The story of Saudi cinema cannot be told without referring to the Saudi Film Festival, which has been at the heart of the country’s cinematic movement since it began 15 years ago. It arose out of nowhere. There were not any showrooms, platforms, or programs that supported cinematic talents. And so, the movement progressed at an astonishing pace later on, as Ahmed Almulla, director of the Saudi Film Festival, explains.
Saudi cinema, he says, is drawing global attention. Speaking to Asharq Al-Awsat, he explains that: “As the world undergoes cinematic decline, two countries, Saudi Arabia and China, are witnessing a genuine cinematic renaissance.”
The festival’s story
The 8th edition of the Saudi Film Festival kicks off next week. Like the seed sown in a barren land, the festival’s fruits have sprouted, and they are being harvested today as a promising Saudi generation of filmmakers. Almulla discusses the early stages, pointing out that the first edition was launched in 2008, as work on the King Abdulaziz Center for World Culture (Ithra) in Dhahran was beginning.
Almulla does not deny that in the beginning, filmmakers encountered many problems. However, the director of the Saudi Film Festival believes that overcoming them is imperative, pointing out that the challenges seem positive when one looks at them today- they made Saudi filmmakers stronger, “All challenges of the past refined filmmakers’ skills.”
The eighth edition
The festival, organized by the Saudi Cinema Association in partnership with King Abdulaziz Center for World Culture (Ithra) and supported by the Film Commission will run between the 2nd and 9th of June.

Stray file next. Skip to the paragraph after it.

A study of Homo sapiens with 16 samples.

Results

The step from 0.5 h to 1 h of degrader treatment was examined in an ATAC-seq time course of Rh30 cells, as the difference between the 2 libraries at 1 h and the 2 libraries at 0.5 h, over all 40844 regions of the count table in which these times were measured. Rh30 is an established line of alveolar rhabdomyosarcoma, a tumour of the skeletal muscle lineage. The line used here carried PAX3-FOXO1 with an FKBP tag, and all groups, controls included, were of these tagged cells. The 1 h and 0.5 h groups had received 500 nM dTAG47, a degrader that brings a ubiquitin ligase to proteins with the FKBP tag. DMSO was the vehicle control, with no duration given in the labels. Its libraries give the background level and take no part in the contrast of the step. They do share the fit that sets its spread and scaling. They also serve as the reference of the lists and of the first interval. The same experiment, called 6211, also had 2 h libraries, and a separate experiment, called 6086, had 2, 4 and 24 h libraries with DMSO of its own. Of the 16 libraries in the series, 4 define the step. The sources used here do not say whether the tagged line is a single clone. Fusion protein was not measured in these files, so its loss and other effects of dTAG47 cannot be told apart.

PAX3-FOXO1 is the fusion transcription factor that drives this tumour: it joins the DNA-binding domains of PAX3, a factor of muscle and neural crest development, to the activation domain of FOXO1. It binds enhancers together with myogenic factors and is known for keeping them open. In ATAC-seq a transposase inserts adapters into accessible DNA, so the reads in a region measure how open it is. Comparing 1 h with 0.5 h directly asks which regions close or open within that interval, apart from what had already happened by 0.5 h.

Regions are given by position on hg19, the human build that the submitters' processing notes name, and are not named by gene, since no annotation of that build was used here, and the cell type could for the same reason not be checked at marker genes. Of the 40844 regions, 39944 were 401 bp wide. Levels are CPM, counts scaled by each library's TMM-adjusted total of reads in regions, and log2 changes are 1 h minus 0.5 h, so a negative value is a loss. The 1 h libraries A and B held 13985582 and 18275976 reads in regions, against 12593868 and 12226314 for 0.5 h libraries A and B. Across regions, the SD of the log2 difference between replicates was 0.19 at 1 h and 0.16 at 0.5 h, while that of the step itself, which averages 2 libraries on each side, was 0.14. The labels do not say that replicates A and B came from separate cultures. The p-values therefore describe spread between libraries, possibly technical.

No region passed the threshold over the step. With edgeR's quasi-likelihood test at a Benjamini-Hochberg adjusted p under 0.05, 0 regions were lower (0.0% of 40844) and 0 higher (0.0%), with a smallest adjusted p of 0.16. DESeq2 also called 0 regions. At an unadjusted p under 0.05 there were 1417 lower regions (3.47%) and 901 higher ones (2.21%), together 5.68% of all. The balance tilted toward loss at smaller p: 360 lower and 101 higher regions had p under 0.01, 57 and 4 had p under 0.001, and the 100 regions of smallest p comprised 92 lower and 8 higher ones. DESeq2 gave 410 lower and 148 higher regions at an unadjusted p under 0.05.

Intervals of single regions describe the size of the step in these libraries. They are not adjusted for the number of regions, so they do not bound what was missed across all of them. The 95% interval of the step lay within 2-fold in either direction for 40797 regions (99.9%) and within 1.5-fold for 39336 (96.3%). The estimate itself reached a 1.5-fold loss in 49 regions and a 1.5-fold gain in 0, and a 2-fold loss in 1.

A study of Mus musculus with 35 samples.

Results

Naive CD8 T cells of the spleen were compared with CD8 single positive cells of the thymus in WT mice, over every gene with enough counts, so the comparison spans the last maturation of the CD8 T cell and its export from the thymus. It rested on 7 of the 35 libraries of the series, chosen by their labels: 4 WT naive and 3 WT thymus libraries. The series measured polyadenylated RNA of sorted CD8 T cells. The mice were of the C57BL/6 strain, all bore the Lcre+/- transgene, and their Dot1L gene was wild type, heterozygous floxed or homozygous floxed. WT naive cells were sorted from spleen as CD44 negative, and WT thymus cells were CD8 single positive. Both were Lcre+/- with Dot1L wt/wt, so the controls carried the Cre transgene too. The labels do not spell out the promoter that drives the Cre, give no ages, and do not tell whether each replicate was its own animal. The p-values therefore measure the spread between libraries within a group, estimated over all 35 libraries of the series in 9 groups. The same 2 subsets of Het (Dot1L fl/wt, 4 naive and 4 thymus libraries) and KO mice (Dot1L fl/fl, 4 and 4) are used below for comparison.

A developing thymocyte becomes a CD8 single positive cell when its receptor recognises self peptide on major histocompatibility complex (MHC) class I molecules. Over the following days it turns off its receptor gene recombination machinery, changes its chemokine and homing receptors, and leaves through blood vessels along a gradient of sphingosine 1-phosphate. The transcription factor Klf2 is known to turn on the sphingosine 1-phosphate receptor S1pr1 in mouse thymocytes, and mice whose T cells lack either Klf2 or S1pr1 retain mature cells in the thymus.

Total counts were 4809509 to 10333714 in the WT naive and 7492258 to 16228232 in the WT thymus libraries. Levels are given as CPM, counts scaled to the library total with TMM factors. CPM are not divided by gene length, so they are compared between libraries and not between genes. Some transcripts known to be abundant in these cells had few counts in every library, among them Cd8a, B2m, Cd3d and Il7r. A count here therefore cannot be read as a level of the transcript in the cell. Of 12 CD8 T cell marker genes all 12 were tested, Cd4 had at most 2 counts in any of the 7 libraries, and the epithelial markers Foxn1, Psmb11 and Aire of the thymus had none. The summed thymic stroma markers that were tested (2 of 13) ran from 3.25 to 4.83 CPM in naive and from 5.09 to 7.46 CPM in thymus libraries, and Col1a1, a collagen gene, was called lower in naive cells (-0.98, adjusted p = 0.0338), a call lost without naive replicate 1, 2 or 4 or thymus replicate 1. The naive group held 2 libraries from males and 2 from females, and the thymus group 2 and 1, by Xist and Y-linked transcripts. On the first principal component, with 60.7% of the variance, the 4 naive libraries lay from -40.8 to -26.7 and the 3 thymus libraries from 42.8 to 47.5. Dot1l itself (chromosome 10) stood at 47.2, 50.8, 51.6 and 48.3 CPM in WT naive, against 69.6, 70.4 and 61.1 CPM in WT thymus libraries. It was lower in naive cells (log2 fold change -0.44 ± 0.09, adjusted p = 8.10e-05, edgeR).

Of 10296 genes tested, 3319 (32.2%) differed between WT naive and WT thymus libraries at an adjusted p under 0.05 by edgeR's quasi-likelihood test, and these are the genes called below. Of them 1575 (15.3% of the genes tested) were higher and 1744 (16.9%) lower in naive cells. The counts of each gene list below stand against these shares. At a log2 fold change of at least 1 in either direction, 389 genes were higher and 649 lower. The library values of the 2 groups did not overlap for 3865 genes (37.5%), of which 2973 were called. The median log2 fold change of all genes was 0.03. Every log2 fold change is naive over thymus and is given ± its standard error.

The Culture and Arts Association in Dammam will, for the first time, hand over management of the festival to the Saudi Cinema Association, which was established last year and is specialized in filmmaking and production.
What the filmmakers will notice as a result, Almulla clarifies, because it is a specialized organization, is that it will be focused on filmmaking throughout the year.
The production market
The Saudi Film Festival, whose last two editions were supported by the Film Commission, is considered the primary source of support for cinematic talents in the Kingdom. The production market being at the forefront is described as a “huge gamble” by Almulla, indicating that previous rounds were more experimental, clarifying that it is the first time something of this scale is organized in the Kingdom. “This gives confidence to production companies towards Saudi projects,” he concludes.
The eighth edition honors Saudi filmmaker Khalil Al-Rawaf, who is considered the first Arab actor in Hollywood, and the Kuwaiti director Khaled El Seddiq, who is a producer, a scriptwriter and a director and is considered one of the most prominent figures of Kuwaiti cinema.